Sometimes, when attempting to install software on Ubuntu in the terminal, you’ll see the could not get lock error. This error is irritating because it locks out the system and effectively prevents you from installing the software you need.
Could not get lock error
The reason this error happens is that often times Ubuntu users will close a terminal that is installing something prematurely while it is running. When they open up a second terminal and attempt to use the package manager, the “could not get lock” error appears because it doesn’t allow more than one instance of the packaging system to run at once.
While it’s easy to see why the package manager would lock itself, it’s annoying. Sadly, when Ubuntu users run into this issue, they panic because the operating system doesn’t explain how to fix it.
Fixing the “could not get lock” error is quite easy, even though the terminal prompt makes it seem scary and complicated. In this post, we’ll show you exactly what to do when you run into it, how to fix it, and how to prevent running into the error in the future.
Note: Are you a Debian user? Feel free to follow along! Ubuntu is built upon the Debian operating system, so the commands we use in this post will match perfectly! This method will also work for Linux Mint, Elementary OS, and other Ubuntu derivatives as well.
As stated in the introduction to this post: the reason the “could not get lock” error appears when the Ubuntu package manager is already running (in the background), and the user attempts to start it a second time.
For as long as the problem Ubuntu package manager persists in the background, you won’t be able to use the install package tool to install programs, and that annoying error will persist.
Thankfully, the Ubuntu package manager is a program like any other and can be managed like one.
There are a few ways to kill processes on Linux. The best (and quickest way) is to use the ps command to get the process ID of the problem process (in this case Apt/Apt-get). Then, use the kill command to stop it.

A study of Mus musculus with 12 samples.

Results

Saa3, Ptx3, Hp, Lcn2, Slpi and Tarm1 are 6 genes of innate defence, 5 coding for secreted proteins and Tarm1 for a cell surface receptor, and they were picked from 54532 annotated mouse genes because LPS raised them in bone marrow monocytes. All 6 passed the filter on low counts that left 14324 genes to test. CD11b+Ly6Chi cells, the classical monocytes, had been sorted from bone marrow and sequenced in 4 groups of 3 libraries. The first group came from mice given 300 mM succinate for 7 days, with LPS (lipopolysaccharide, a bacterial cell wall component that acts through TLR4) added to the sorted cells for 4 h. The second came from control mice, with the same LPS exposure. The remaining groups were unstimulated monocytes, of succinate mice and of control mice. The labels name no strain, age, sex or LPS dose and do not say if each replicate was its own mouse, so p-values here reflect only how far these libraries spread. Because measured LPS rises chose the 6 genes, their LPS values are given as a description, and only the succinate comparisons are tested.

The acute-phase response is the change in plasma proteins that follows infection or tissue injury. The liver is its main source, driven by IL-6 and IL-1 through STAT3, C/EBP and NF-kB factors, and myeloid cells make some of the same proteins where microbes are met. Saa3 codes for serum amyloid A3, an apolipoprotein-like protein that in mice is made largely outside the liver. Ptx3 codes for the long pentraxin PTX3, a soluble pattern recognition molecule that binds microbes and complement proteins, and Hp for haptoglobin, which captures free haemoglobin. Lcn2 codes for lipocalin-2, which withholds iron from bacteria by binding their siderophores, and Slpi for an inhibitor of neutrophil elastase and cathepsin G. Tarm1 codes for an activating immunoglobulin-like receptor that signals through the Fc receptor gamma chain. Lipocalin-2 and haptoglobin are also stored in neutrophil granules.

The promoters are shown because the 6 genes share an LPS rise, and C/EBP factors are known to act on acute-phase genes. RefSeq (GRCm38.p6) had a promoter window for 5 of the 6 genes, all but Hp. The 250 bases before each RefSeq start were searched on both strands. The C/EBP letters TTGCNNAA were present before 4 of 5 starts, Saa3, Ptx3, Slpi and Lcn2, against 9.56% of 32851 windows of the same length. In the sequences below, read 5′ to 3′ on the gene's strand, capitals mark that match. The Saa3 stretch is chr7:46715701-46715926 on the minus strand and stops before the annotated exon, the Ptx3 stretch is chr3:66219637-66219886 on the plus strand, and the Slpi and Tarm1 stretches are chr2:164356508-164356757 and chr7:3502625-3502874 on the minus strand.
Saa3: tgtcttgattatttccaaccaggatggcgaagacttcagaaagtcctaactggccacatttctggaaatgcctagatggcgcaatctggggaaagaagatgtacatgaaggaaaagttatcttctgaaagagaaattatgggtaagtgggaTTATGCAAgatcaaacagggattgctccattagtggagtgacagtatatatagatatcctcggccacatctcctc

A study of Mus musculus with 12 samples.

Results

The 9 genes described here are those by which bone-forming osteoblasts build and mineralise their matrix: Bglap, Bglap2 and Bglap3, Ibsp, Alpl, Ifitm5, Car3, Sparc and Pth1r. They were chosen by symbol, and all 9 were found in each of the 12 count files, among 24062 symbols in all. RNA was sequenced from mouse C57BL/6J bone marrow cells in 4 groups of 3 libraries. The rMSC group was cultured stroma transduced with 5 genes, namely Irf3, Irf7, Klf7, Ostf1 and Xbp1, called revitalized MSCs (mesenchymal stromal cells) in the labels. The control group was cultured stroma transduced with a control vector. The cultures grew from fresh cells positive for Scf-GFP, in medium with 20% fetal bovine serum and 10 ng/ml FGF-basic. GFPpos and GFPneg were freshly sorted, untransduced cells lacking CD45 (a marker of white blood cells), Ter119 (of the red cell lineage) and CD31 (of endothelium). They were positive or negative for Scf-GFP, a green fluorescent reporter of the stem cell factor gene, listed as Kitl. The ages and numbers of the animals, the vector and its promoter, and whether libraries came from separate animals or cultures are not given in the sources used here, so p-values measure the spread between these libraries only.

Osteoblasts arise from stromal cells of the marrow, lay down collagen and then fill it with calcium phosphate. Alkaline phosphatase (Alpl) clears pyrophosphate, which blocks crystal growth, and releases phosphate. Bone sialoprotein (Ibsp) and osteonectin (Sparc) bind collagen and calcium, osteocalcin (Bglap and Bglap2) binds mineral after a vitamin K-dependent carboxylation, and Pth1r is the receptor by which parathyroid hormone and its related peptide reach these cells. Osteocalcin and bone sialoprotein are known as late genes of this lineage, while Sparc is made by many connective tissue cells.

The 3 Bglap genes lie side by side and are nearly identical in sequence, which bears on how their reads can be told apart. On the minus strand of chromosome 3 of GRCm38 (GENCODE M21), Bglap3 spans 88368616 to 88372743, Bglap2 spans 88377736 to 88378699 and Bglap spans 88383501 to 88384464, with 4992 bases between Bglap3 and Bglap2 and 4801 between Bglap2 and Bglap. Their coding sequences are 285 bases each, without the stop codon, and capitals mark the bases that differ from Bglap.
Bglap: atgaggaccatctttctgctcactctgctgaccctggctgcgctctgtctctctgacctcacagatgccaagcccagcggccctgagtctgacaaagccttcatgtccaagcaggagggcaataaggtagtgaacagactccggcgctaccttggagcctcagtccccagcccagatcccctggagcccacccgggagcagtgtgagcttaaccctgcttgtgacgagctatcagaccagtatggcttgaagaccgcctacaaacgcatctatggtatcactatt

So, to start, launch a terminal and run the ps aux command with Apt at the end of it (or Apt-get if you use that).
ps aux | egrep 'apt'
Or, for Apt-get users:
ps aux | egrep 'apt-get'
Look at the terminal, and read the numbers that appear in the output. That’s the process number for the package manager. Take that number and plug it into the kill command to stop.
Note: when using the kill command on system utilities, always use the “SIGTERM” or “SIGKILL” switch. If you don’t, the process may not stop running.
sudo kill -SIGKILL process-id-number
sudo kill -SIGTERM process-id-number
Running the kill command should end the package manager process. If you’re unsure that the Ubuntu package manager has indeed been stopped, feel free to re-run the ps aux command above once more. If no number comes back, the problem process is gone, and you’ll be able to use the Ubuntu package manager once more!
Delete lock files
Most of the time, if the Apt package manager is stuck in the background and unresponsive the process can be ended with the kill command. Sometimes, however, ending the process isn’t enough.
If you’re running into the error and killing the Ubuntu package manager isn’t helping, there’s an alternative method you can attempt. It involves directly tinkering with the “locks” that the packaging tool puts on your computer.
The lock files are in three separate directories. To access the files, your terminal session must have root access. Root access on Ubuntu is gained with the sudo command.
After gaining root access, CD into the first directory.
cd /var/lib/dpkg/ rm lock
Now that you’ve taken care of the first lock file, it’s time to deal with the second one.
cd /var/lib/apt/lists/ rm lock
With the second lock file taken care of, get rid of the third and final lock file.
cd /var/cache/apt/archives/ rm lock
Once all three lock files are deleted with the rm command, you’ll be good to go, and the Ubuntu package manager should start working again. To test it run:
sudo apt update
Fix broken packages
When you close a terminal prematurely on Ubuntu while programs are installing, packages tend to break. To fix this, you’ll need to run the Dpkg command alongside the “configure” option.
dpkg --configure -a
After you finish running the command above, everything should be fixed and the broken packages should be ready to use.